July 1, 2016

Noise Free America: A Coalition to Promote Quiet

For immediate release

Barbara Williams
[email protected]

Charles Hockenbrochtce
[email protected]

Ted Rueter
[email protected]

Chapel Hill: Central Pennsylvania has won this month’s Noisy Dozen award from Noise Free America: A Coalition to Promote Quiet for allowing an onslaught of noise from cars, motorcycles, and trucks with no mufflers or modified exhausts. In central Pennsylvania, law-abiding citizens are having their peace and quiet violated by macho drivers looking to attract attention to themselves. The Pennsylvania Department of Transportation, the police, and inspection stations should be shamed into action.

Barbara Williams is a resident of Snyder county, in the center of Pennsylvania. She notes that loud mufflers or vehicles with no exhausts “is a problem statewide. It’s been happening since the 1970s, so now about one in every ten vehicles violates state law.”

“So how did this happen?” Williams asks. The answer: “Because police don’t cite these drivers that rip off the stock exhaust and inspection stations keep passing them. Motorcycles, cars, pick-ups, and big rigs follow EPA guidelines as they leave the factory. Then knucklehead drivers go to a custom shop to buy and install non-compliant exhaust systems.”

Williams advises drivers to “see for yourselves and look online at Pennsylvania inspection rules, PUB 45. Police and inspection stations should already know all of these guidelines. You need a muffler on your vehicle, you can’t increase the sound of it, and you don’t have a single pipe up through the center of a pick-up truck bed. Only firefighting vehicles are exempt.”

Central Pennsylvania drivers, the police, the Department of Transportation, and state inspection stations continue to ignore exhaust system rules. PUB 45, Vehicle Equipment and Inspection Regulations, 175.5 states that “a vehicle specified under this subchapter shall be equipped with a muffler in good working order” and that “the exhaust system of a vehicle may not be modified in a manner which will amplify or increase noise above maximum levels.”

EPA regulations require that vehicles have stock mufflers once they leave the factory floor. However, after-market stores will sell you anything and custom shops will install whatever you want—in clear violation of state and federal law.

Pennsylvania state law specifies the following maximum noise levels for vehicles traveling on pavement accelerating to 35 mph:

-a motorcycle, under 84 db
-cars and pick-ups, under 88 db
-tractor trailers, under 78 dbs

Williams took some noise measurements of her own: “So what were some local readings? One motorcycle with no muffler read 91 db on my sound meter. A loud car with glass packs read 98 db. A diesel pick-up with cut-out pipe through the bed was 99 db. A local dig rig with big exhaust stacks but no muffler was over 99 db. These sample readings were not even the loudest examples out there, because they’re at random times on all sorts of roads, and traffic often gets in the way of readings.”

Pennsylvania state law gives police officers the right to inspect or test a vehicle, and the driver must let them test the loud exhaust. Police may obtain an OSHA- compliance type 2 decibel meter online for under $50. A police officer can keep it in their vehicle so they can use it routinely like radar. If they see an altered exhaust system or hear a vehicle so much louder than stock vehicles, the police should pull them over. If a motorcycle has no muffler, he’s too loud. If a car has glass packs, he made his exhaust louder, the police should measure it. If a pick-up has one big exhaust pipe up through the bed, that placement is illegal, it has no muffler, and it’s above decibel limits.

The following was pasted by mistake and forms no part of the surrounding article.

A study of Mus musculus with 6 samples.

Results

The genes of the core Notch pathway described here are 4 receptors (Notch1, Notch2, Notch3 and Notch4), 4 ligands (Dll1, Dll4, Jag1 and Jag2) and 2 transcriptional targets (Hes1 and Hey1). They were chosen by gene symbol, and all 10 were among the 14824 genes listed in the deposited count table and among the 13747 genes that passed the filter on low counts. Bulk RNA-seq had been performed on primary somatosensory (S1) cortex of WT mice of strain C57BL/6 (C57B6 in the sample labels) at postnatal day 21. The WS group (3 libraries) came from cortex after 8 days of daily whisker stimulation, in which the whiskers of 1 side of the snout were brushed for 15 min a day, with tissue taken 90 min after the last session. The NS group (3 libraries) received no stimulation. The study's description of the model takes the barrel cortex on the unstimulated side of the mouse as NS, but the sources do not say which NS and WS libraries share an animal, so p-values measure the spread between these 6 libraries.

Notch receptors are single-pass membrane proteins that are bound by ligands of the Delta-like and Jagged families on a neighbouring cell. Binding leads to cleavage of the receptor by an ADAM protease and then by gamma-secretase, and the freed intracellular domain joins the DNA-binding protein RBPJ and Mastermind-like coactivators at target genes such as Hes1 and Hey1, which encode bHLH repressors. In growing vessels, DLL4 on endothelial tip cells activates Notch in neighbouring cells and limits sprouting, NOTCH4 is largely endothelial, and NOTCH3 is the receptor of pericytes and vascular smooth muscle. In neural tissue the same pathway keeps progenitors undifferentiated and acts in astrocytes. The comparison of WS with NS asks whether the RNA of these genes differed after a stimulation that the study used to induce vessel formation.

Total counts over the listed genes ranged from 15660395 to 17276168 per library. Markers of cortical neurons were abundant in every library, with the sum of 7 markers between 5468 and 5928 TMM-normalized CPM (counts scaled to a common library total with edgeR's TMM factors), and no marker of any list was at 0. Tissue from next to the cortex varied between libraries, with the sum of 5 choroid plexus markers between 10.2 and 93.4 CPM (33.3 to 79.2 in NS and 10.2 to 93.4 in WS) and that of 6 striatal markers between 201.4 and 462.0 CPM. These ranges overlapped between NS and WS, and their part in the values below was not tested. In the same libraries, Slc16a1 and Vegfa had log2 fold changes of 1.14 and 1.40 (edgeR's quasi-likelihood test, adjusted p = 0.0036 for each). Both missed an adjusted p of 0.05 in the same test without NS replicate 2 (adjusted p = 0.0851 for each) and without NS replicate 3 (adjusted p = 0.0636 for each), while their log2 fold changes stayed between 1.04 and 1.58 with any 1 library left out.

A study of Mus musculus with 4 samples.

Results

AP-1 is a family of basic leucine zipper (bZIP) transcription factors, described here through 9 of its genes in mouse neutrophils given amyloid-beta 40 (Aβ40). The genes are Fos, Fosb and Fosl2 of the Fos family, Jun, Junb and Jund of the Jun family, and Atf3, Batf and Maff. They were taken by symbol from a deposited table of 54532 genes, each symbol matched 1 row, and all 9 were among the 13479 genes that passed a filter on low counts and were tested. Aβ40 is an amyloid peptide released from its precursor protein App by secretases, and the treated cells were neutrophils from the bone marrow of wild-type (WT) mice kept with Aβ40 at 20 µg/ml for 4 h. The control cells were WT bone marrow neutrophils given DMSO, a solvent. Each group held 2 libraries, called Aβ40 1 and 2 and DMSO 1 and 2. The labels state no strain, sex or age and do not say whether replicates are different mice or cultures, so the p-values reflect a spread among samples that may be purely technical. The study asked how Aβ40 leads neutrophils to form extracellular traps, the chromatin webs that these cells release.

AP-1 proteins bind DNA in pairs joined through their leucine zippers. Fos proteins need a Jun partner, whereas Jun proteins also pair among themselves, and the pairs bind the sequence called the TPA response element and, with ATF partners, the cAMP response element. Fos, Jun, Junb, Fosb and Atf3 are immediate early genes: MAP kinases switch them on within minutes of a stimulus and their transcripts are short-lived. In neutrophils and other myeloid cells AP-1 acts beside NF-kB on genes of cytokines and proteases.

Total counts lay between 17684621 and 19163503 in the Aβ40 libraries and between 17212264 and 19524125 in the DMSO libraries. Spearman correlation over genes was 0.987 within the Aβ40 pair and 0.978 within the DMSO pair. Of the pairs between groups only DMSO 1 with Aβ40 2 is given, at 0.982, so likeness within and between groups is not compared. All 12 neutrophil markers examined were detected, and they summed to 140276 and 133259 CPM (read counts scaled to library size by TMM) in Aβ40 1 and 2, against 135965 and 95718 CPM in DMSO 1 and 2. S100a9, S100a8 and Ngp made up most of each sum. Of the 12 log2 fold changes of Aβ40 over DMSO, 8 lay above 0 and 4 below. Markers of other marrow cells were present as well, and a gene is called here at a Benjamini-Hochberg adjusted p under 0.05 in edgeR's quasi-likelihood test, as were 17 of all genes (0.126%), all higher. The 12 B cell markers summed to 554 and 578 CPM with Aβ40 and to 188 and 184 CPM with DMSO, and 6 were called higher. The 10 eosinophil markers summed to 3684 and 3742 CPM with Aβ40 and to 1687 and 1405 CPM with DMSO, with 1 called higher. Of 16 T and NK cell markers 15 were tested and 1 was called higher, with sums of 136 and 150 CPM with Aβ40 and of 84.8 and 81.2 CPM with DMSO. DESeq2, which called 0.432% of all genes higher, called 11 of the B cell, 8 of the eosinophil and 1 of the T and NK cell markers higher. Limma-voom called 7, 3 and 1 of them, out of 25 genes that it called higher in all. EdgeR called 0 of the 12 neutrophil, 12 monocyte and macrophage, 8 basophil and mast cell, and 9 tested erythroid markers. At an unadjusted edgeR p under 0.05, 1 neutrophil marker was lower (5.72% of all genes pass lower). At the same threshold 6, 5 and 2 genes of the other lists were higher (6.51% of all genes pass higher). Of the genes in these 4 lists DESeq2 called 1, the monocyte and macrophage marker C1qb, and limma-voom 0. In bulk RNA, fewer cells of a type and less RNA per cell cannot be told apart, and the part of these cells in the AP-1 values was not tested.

According to Williams, “People shouldn’t have to hear loud exhausts inside their homes with the windows shut. Go to the races to hear loud exhausts. Or we could publish license plates or carrier’s names of offenders.”

“So what’s the major malfunction with enforcement?” said Williams.” Any policeman can pull you over if they see and hear an altered exhaust. After all, you shouldn’t have an inspection sticker validated if you have no muffler, it’s louder than stock, or in an illegal placement. Fine the drivers and garages and loud exhaust will cease to exist!

Charles Hockenbrochtce, another resident of Snyder county, agrees with Barbara Williams about the noise from cars, motorcycles, and trucks with no muffler or a modified exhaust: “Some trucks go by and don’t make any more noise than a car. Why can’t all trucks run as quietly? The same goes for motorcycles. I rode a motorcycle for about 30 years and my motorcycle never made any noise. I kept the standard muffler on them and they were always quiet. It’s just not necessary to make that much noise. It would be nice if it was a little quieter.

Ted Rueter, director of Noise Free America: A Coalition to Promote Quiet, commented that “the nation is increasingly overrun with extreme noise from loud exhausts. Many people seem not to realize that this noise is the result of deliberate action by vehicle owners. Many people seem not to realize that removing or altering an exhaust for the purpose of making additional noise is a violation of federal and state law. The police, state transportation departments, and state inspection stations should do their job, enforce the noise laws, and allow Americans to live in peace and quiet.”

Noise Free America: A Coalition to Promote Quiet is a national citizens’ organization devoted to peace and quiet. Past “winners” of the Noisy Dozen award include the Pennsylvania Harley Owners Group; the Johnstown, Pennsylvania “Thunder in the Valley” motorcycle rally; and the Erie, Pennsylvania “Roar on the Shore” motorcycle rally.